As reported by Ryan in a previous article, on March 27, 2020, President Trump signed into law a relief package in response to the economic crisis created by the coronavirus pandemic—the Coronavirus Aid, Relief, and Economic Security Act (HR 748), also known as the CARES Act. Some of the highlights of the CARES Act are the Federal Employee Retention Credit, Net Operating Loss (NOL) and Alternative Minimum Tax (AMT) provisions, and various small and large business relief provisions.
New York’s recently enacted 2020-2021 budget legislation decouples from the increase in the federal business interest deduction for the 2019 and 2020 tax years pursuant to Internal Revenue Code (IRC) Section 163(j)(10)(A)(i) under the CARES Act. New York law requires rolling conformity with the IRC. Any changes from the currently enacted provisions must be specifically enacted by the New York Legislature. As amended, the federal business interest deduction calculation under IRC Section 163(j)(1)(B) allows for 50% (previously 30%) of a taxpayer’s adjusted taxable income for the 2019 and 2020 tax years. However, New York S.7508-B/A. 9508-B specifically rejects this change, thus retaining 30% of a taxpayer’s adjusted taxable income for purposes of the business interest deduction calculation for both the state and New York City taxes.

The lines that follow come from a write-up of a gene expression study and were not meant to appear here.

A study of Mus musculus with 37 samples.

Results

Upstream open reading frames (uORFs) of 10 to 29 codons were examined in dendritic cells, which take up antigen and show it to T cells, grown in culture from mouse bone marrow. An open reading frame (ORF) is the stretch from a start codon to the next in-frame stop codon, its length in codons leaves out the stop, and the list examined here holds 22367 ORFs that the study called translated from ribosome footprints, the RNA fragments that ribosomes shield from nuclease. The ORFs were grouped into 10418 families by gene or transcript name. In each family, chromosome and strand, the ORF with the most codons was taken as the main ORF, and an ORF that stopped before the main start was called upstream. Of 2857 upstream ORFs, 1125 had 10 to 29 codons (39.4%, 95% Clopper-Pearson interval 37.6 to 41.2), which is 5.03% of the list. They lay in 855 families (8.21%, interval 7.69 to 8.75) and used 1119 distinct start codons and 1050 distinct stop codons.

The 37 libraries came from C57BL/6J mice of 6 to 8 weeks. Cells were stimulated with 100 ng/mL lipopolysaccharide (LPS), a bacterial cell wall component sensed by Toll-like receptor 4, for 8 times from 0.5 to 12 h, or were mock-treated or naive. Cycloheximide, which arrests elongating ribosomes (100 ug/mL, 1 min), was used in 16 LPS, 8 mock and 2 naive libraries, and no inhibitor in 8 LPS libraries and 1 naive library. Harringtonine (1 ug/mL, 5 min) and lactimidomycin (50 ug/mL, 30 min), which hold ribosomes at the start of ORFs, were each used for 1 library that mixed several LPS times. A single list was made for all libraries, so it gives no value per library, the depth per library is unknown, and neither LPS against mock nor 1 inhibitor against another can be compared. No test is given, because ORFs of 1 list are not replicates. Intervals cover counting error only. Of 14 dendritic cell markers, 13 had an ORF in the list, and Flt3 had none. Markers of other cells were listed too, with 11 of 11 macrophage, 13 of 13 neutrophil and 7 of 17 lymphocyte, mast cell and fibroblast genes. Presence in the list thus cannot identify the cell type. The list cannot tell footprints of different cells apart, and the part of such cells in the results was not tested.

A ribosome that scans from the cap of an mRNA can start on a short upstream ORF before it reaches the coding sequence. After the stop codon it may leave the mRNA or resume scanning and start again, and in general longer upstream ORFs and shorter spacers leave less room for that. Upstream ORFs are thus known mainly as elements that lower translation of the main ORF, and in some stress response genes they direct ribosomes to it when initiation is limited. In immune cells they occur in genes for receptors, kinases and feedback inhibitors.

With a shortfall of state and local tax revenue as a result of COVID-19, New York’s approach is an attempt to lessen additional budgetary impacts for one of the states most severely (if not the most severely) impacted by the COVID-19 pandemic to date.
For up-to-date information on income tax-related topics in New York, as well as other states and tax types, please refer to Ryan News & Insights.